Controlling Your Gambling


Whether it’s buying lottery or scratch-off tickets, placing a bet on sports events or playing the pokies, gambling involves risking something of value on an event that is determined at least partly by chance. In order to be considered a gamble, there must be consideration, risk, and a prize. Often, people confuse the term with casino games like roulette and blackjack, but even betting on office pools or buying tickets to a concert can be considered gambling.

Gambling is an addictive activity that can take your money, time and other things that are important to you. If you are struggling with problem gambling, seek help. Many people have lost not only their money but their families, friends and careers as a result of unhealthy gambling habits.

The psychological effects of gambling are rooted in complex psychological, behavioral and neurobiological factors. It is believed that some people, such as those with an underactive brain reward system, are genetically predisposed to thrill-seeking behaviours and impulsivity, which can lead to addiction and compulsive behavior. In addition, some gamblers are prone to depression, stress, and mood swings, which can further exacerbate their problem gambling behavior.

Moreover, gamblers can be affected by the lure of free drinks and food at casinos. They also may fall victim to the “gambler’s fallacy,” where they believe that they are due for a big win or can recoup their losses by continuing to gamble. Gambling can be a rewarding experience when it is done in moderation. However, it is essential to avoid letting it interfere with your daily life and to balance your gambling activities with other fun and relaxing hobbies.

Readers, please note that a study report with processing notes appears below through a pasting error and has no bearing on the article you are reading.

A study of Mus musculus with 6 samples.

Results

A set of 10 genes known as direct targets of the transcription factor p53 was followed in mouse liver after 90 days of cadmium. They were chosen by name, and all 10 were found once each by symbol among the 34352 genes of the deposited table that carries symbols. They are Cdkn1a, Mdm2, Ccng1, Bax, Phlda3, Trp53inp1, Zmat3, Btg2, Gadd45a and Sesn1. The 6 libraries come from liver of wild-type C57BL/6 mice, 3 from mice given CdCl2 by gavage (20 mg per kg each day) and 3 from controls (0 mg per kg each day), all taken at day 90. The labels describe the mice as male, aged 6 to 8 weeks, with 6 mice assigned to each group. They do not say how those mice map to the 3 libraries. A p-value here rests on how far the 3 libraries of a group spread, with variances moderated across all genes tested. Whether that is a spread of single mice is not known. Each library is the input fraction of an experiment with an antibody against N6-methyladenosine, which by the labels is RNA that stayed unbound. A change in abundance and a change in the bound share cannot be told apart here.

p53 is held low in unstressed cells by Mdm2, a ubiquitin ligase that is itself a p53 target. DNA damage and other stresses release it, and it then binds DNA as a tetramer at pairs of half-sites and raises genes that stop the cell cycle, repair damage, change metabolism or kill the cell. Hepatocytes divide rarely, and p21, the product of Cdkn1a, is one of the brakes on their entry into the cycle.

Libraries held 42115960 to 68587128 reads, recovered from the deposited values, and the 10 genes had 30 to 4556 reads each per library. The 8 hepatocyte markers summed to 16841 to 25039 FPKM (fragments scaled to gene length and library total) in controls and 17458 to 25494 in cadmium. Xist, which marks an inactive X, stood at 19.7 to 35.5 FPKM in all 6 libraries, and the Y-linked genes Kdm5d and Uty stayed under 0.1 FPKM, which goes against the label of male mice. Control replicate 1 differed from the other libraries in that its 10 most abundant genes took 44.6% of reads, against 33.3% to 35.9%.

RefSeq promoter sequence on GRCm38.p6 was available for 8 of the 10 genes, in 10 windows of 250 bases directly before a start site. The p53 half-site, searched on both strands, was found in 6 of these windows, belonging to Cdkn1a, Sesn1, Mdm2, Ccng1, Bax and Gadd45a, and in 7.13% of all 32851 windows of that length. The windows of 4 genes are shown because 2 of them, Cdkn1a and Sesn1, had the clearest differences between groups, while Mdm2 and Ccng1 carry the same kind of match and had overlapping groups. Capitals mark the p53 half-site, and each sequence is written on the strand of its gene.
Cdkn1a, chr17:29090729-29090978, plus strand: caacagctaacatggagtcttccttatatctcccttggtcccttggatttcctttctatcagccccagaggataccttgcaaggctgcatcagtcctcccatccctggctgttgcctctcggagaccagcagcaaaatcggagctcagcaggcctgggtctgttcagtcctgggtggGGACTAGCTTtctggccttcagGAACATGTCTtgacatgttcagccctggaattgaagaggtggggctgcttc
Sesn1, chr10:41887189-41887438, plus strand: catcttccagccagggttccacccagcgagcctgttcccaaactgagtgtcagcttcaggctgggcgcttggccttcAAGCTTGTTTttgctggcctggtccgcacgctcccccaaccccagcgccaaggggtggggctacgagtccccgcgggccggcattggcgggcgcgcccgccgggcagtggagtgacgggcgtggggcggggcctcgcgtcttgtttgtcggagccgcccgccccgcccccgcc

A good way to control your gambling habit is to budget your money and stick to it. Only use money that you can afford to lose and make sure that it does not need to be saved or used for bills. This will help you focus on the enjoyment factor and minimize your chances of overspending.

It’s also a good idea to set a time limit for your gaming session and leave when it is over, regardless of whether you are winning or losing. Also, never chase your losses, as the more you try to recoup your money, the more you will likely lose in the long run.

If you find yourself gambling to cope with unpleasant feelings, it is important to learn healthier ways of relieving them. Consider trying exercise, spending time with non-gambling friends, or practicing relaxation techniques. You can also talk about your emotions with someone you trust or seek non-judgemental support from a GamCare helpline. It’s also a good idea to avoid gambling when you are depressed or upset, as this can lead to even bigger losses.